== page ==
The Experts below are selected from a list of 8676 Experts worldwide ranked by ideXlab platform

T M Van Gulik – 1st expert on this subject based on the ideXlab platform

  • incidence and management of Bile Leakage after partial liver resection
    Digestive Surgery, 2008
    Co-Authors: Deha Erdogan, E A J Rauws, O R C Busch, O M Van Delden, D J Gouma, T M Van Gulik

    Abstract:

    Background/Aims: Bile Leakage after partial liver resection still is a common complication and is associated with substantial morbidity and even mortality. Methods:

E A J Rauws – 2nd expert on this subject based on the ideXlab platform

  • incidence and management of Bile Leakage after partial liver resection
    Digestive Surgery, 2008
    Co-Authors: Deha Erdogan, E A J Rauws, O R C Busch, O M Van Delden, D J Gouma, T M Van Gulik

    Abstract:

    Background/Aims: Bile Leakage after partial liver resection still is a common complication and is associated with substantial morbidity and even mortality. Methods:

  • postoperative Bile Leakage endoscopic management
    Gut, 1992
    Co-Authors: P H P Davids, E A J Rauws, G N J Tytgat, K Huibregtse

    Abstract:

    Bile Leakage is an infrequent but serious complication after biliary tract surgery. This non-randomised single centre study evaluated the endoscopic management of this problem in 55 consecutive cases. Treatment consisted of standard sphincterotomy and, if needed, subsequent stone extraction with or without endoprosthesis placement. The aim of all treatments was to facilitate Bile flow into the duodenum. The biliary tract and the site of the Leakage were visualised during endoscopic retrograde cholangiopancreatography (ERCP) in 98%. There was distal obstruction in 33–caused by retained gall stones in 15 patients and concomitant strictures in 18. Overall, 48 of 55 patients were treated endoscopically. An excellent outcome (clinical and radiological resolution of the Bile leak) was achieved in 43 patients (90%). Five patients (10%) had continuing sepsis from which they died. Postoperative Bile Leakage can be diagnosed safely and effectively by ERCP and subsequent endoscopic management is successful in most cases.

Masatoshi Makuuchi – 3rd expert on this subject based on the ideXlab platform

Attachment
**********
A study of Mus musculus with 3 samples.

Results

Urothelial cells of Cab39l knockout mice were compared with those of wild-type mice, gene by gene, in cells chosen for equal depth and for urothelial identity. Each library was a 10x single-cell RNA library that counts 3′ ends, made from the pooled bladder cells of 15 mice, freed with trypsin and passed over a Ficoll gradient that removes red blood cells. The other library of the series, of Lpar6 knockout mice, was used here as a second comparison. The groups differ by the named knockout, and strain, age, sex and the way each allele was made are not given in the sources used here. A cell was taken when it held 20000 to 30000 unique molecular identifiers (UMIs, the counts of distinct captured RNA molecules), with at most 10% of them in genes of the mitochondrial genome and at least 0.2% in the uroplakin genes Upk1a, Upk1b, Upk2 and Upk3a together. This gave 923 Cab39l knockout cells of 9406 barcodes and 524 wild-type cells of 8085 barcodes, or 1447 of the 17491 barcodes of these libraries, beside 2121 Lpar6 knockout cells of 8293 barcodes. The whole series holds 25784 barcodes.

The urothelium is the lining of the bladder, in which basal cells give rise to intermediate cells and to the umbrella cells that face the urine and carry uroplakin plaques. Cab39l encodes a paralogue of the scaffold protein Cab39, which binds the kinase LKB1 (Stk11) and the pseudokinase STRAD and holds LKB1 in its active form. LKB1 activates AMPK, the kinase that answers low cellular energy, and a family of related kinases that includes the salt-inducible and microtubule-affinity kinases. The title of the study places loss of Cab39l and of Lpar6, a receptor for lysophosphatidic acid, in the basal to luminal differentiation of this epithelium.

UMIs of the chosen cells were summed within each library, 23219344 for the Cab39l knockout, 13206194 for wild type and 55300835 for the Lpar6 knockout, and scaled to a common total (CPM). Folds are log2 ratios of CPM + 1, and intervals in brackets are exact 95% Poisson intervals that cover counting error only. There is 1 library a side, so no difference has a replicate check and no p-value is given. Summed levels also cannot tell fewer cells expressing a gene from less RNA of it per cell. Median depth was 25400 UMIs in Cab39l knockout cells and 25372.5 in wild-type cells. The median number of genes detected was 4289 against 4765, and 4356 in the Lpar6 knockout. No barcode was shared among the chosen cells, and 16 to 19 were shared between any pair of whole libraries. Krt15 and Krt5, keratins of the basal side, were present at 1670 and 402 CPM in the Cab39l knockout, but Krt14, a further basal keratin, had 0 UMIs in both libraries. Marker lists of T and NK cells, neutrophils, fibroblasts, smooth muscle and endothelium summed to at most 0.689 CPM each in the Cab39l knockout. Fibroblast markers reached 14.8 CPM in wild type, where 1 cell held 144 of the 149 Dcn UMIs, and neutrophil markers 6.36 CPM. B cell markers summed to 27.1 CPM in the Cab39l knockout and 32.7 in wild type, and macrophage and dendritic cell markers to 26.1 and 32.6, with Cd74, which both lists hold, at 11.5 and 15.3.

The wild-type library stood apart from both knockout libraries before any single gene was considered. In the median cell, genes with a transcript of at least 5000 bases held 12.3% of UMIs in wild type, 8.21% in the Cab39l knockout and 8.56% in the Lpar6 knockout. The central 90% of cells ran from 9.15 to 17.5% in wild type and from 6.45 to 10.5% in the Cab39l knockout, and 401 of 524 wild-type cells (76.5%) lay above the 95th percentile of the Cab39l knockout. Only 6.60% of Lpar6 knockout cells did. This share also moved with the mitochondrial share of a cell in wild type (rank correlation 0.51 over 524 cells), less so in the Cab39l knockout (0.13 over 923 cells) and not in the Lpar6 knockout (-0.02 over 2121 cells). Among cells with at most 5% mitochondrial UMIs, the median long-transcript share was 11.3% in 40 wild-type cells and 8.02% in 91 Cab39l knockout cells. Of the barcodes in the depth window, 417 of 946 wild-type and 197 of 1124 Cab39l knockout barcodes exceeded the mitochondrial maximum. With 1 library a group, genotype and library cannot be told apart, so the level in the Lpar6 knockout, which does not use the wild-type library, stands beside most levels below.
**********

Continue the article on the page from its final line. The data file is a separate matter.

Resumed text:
• randomized trial of the usefulness of a Bile Leakage test during hepatic resection
    Archives of Surgery, 2000
    Co-Authors: Masayoshi Ijichi, Tadatoshi Takayama, Hiroyuki Toyoda, Keiji Sano, Keiichi Kubota, Masatoshi Makuuchi

    Abstract:

    Hypothesis An intraoperative Bile Leakage test will assist in decreasing postoperative Bile Leakage in patients undergoing hepatic resection. Design Randomized controlled trial. Setting University hospital. Patients One hundred three consecutive patients who were scheduled for hepatic resection without biliary reconstruction. Associated cirrhosis was present in 49 patients (48%), and only 24 (23%) had normal livers. Patients were randomized to undergo (n = 51) or to not undergo (n = 52) a Bile Leakage test, according to age, liver function, and hepatectomy method. The 2 groups were similar in baseline demographics. Intervention A Bile Leakage test was carried out by injecting isotonic sodium chloride solution through the cystic duct, and interrupted suturing was taken for a Bile leak on the transected liver surface. Main Outcome Measures The incidence of postoperative Bile Leakage and the length of the postoperative hospital stay. Bile Leakage was defined as continuous drainage, with a bilirubin level of 86 µmol/L or more (≥5 mg/dL), beyond 1 week. Results Twenty-one patients (41%) in the test group showed a Bile leak, and a median of 1 site (range, 1-6 sites) was closed during the test. Postoperative Bile Leakage was observed in 3 patients (6%) in the test group and in 2 (4%) in the control group ( P = .99). The odds ratio of the event was 1.53 (95% confidence interval, 0.25-9.44). The median postoperative hospital stay lasted 17 (range, 13-47) and 18 (range, 12-41) days for the test and control groups, respectively ( P = .98). Conclusion This randomized trial suggested no advantage in using a Bile Leakage test during hepatic resection.